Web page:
Whistleblowing: Law and Practice


ISBN13: 9780521119535
Published: October 2009
Publisher: Cambridge University Press
Country of Publication: UK
Format: Hardback
Price: £72.00

Despatched in 7 to 9 days.

At the intersection of indigenous studies, science studies, and legal studies lies a tense web of political issues of vital concern for the survival of indigenous nations. Numerous historians of science have documented the vital role of late-eighteenth- and nineteenth-century science as a part of statecraft, a means of extending empire. This book follows imperialism into the present, demonstrating how pursuit of knowledge of the natural world impacts, and is impacted by, indigenous peoples rather than nation-states. In extractive biocolonialism, the valued genetic resources, and associated agricultural and medicinal knowledge, of indigenous peoples are sought, legally converted into private intellectual property, transformed into commodities, and then placed for sale in genetic marketplaces. Science, Colonialism, and Indigenous Peoples critically examines these developments, demonstrating how contemporary relations between indigenous and Western knowledge systems continue to be shaped by the dynamics of power, the politics of property, and the apologetics of law.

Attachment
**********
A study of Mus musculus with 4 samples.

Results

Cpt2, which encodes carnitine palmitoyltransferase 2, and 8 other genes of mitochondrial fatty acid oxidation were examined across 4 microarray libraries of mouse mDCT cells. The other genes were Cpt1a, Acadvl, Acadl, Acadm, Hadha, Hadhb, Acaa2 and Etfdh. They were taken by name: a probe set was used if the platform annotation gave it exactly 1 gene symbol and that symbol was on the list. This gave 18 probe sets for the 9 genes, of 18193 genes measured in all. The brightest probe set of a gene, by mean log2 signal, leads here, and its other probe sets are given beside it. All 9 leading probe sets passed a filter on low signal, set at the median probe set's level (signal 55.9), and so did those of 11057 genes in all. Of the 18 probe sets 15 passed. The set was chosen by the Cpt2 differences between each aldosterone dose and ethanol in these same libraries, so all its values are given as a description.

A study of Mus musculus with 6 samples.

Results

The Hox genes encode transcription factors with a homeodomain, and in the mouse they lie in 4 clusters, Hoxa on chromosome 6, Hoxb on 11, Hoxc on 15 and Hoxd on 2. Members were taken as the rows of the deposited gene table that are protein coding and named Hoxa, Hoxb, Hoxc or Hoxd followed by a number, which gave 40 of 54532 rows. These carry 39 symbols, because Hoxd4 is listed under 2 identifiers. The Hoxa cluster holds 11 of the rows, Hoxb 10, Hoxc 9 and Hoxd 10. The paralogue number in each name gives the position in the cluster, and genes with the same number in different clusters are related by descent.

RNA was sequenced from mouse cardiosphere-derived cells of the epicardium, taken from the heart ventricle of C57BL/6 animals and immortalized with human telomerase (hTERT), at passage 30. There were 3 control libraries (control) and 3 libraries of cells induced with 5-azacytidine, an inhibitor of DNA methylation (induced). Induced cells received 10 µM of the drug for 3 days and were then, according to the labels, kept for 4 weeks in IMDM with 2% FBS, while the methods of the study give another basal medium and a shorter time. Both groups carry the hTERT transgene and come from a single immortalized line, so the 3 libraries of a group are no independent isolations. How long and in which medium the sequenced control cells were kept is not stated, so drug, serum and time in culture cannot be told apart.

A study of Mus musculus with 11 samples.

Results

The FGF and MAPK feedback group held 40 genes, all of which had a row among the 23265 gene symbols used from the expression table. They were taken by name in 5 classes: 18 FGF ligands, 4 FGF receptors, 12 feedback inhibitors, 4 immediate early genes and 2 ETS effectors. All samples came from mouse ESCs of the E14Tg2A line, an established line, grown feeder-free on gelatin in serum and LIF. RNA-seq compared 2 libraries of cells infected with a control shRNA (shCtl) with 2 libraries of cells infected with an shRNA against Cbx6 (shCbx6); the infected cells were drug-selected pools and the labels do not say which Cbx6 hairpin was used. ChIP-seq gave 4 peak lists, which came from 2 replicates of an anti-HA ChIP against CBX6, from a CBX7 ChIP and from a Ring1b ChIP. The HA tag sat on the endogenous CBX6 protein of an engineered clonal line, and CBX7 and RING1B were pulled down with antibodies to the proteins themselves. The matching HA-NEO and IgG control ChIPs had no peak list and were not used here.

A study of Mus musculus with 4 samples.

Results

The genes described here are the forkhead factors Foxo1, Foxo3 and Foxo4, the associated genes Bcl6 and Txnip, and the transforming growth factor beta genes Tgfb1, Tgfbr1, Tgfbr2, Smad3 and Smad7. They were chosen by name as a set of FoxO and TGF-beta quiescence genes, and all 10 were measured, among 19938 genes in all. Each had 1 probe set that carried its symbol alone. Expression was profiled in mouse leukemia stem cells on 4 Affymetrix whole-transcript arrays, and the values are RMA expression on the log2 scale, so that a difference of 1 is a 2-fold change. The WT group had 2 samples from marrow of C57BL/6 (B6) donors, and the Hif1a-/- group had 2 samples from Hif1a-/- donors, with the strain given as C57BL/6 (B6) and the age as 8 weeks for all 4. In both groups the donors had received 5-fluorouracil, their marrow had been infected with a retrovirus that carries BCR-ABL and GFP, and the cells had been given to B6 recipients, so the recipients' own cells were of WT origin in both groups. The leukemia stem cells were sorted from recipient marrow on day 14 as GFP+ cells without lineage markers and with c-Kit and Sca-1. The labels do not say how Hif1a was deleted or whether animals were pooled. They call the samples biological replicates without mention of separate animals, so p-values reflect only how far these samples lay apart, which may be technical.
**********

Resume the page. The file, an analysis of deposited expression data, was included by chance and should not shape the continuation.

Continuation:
• Engages three interdisciplinary fields: indigenous studies, science studies, and legal studies
  • Interweaves the approach and concerns of indigenism together with the focus of both critical legal studies and critical science studies
  • Contextualizes legal, science, and indigenous theory in practice

  • Contents:
    Part I. Biocolonialism as Imperial Science:
    1. Imperialism then and now
    2. Indigenous knowledge, power and responsibilities
    3. Value-neutrality and value-bifurcation: the cultural politics of science
    Part II. The Human Genome Diversity Project: A Case Study:
    4. The rhetoric of research justification
    5. Indigenist critiques of biocolonialism
    Part III. Legitimation: The Rule and Role of Law:
    6. The commodification of knowledge
    7. Intellectual property rights as means and mechanism of imperialism
    8. Transforming sovereignties
    Conclusions: The politics of knowledge: resistance and recovery.